The ultimate goal of FZS Sumatra is for every rescued orangutan to have the opportunity to return to their natural rainforest home.
Reintroduction to the Wild
Chitos suddenly turns around, pulls the long needle out of his thigh and angrily chews on it. After five minutes his movements become slower and more uncoordinated and he sinks to the cage floor. We have anaesthetised Chitos with the help of a blowpipe and syringe. Today is a big day – he is returning to the forest.
Two field station staff quickly remove Chitos from the cage. After a medical check, he is put into the transport box. Six staff stand prepared for the arduous journey to the rainforest. Chitos and his box weigh over 80 kgs; the hike of at least two hours in tropical humidity is no easy task.
To make Chitos comfortable in his new surroundings, we have built a bamboo platform on the bank of the Manggatal River and covered this with fruit. We place Chitos´ box on the leaf-littered forest floor, open the aluminium door a small slit and hide ourselves. After a while, Chitos opens the door and makes his way to the platform by climbing a tree.
We´ve done it!
Another orangutan returned to its natural habitat. From a safe distance our field assistants observe and record Chitos´ behavior. This surveillance will continue for many weeks until we can decide whether Chitos has learned enough to survive in the forest without our help.
The Story Continues with Post-Release-Monitoring like Behavioural Observation.....
The Frankfurt Zoological Society´s Reintroduction Project is research in action. Applied conservation is our credo; our ideas are put into practice. Purely academic questions are not our main concern. We are searching for ideas which improve our care and training methods for the orangutans so that they have the best possible chance of survival when released into the forest.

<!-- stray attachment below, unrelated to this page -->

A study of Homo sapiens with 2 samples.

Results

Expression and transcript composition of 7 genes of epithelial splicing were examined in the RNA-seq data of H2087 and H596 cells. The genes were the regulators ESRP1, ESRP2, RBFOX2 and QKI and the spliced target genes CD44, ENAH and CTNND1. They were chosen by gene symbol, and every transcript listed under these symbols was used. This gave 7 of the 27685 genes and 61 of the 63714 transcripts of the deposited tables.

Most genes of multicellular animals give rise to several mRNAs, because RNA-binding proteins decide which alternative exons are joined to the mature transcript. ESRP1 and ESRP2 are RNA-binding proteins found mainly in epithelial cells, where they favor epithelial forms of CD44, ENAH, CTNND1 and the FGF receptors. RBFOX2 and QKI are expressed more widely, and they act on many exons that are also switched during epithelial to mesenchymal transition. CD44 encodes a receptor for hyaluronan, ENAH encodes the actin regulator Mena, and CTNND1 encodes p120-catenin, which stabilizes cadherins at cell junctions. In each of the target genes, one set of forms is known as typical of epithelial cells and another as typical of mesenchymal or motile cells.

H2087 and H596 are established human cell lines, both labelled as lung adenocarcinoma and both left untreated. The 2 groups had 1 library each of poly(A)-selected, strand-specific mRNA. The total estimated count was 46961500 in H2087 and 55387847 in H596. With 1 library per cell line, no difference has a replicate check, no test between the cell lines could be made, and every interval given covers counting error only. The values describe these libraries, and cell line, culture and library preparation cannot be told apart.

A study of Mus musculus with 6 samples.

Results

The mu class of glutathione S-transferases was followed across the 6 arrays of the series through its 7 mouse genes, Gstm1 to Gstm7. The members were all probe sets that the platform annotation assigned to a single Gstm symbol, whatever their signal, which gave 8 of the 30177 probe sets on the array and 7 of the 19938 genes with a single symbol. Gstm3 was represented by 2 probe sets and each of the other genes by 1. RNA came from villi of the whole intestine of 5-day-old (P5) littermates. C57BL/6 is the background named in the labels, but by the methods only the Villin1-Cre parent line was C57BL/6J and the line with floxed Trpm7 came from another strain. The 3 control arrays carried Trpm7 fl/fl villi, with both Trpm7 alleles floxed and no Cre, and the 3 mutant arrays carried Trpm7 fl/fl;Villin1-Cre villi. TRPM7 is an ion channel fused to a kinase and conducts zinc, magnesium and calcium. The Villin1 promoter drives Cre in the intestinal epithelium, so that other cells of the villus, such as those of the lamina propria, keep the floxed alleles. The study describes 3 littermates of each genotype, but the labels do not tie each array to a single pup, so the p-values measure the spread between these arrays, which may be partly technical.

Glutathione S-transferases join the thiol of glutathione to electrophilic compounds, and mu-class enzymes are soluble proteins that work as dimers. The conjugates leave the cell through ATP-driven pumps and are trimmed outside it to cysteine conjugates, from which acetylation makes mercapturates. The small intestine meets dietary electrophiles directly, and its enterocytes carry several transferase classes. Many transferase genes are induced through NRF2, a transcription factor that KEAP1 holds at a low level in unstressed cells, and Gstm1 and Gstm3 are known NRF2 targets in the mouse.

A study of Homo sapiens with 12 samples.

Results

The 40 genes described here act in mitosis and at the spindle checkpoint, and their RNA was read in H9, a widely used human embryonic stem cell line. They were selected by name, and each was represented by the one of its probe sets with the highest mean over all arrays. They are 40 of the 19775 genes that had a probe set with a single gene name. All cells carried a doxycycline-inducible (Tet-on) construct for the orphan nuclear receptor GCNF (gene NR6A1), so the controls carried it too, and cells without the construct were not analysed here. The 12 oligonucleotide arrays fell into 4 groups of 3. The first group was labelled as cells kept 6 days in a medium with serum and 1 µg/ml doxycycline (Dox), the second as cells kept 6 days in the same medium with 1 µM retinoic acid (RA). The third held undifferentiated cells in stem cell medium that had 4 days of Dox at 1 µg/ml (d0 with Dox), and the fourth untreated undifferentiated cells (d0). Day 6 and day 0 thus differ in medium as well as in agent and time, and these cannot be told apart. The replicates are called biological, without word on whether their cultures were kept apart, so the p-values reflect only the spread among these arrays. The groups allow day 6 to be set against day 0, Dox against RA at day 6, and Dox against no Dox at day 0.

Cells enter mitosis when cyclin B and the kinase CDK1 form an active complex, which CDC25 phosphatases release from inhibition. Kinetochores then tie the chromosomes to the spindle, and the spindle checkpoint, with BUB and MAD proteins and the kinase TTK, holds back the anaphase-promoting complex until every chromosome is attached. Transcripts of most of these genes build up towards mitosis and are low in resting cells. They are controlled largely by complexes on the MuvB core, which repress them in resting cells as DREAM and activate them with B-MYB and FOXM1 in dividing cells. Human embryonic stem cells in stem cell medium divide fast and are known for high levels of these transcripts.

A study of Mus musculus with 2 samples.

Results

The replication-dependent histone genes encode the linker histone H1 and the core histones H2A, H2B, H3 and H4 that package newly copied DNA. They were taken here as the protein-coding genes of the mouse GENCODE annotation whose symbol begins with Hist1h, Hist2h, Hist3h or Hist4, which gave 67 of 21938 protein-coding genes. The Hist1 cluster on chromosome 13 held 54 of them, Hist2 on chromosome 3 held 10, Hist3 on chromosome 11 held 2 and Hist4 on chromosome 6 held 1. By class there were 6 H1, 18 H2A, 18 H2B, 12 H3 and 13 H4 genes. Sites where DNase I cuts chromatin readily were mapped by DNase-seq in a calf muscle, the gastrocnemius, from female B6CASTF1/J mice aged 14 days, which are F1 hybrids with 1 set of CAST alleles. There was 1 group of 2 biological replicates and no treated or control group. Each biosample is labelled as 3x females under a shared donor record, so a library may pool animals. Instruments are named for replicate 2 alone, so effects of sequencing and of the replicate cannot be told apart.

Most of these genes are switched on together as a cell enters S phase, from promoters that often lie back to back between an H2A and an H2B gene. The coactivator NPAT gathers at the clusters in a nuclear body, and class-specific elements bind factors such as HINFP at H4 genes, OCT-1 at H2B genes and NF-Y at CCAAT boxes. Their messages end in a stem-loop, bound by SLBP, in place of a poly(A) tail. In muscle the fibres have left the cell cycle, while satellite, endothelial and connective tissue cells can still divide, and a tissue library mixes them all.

How do the orangutan do after release? Do they learn where to search for ripe fruits and how they can be opened?
To answer these questions (among others), we have trained a team of Indonesian field assistants who observe and record the orangutans´ behavior for up to 12 hours a day. The data shows us which animals are capable of an independent life in the forest and which animals still need our assistance.
.....and Radio Tracking
Once orangutans are released, we don't forget about them after the initial monitoring period. For up to two years, orangutans are tracked via a small transmitter and manual sightings are also recorded. The transmitter sends out a unique signature that can be picked up by radio telemetry equipment. The position of the orangutan is established by taking several GPS readings at different positions. Back at the field station, they triangulate the location of the orangutan to get the most accurate reading. The information is recorded in a database and the consolidated data is used by our GIS staff to build maps of orangutan distribution and dispersion.
This way, we can help them make a smooth and safe transition from the jungle school sessions to full-time, independent jungle living. We can track where they are, how they are moving around and exploring territory, visit with worming tablets and check on their condition. In their first year they also sometimes need supplementary feeding and a few vitamins to get them through time when fruit is scarce.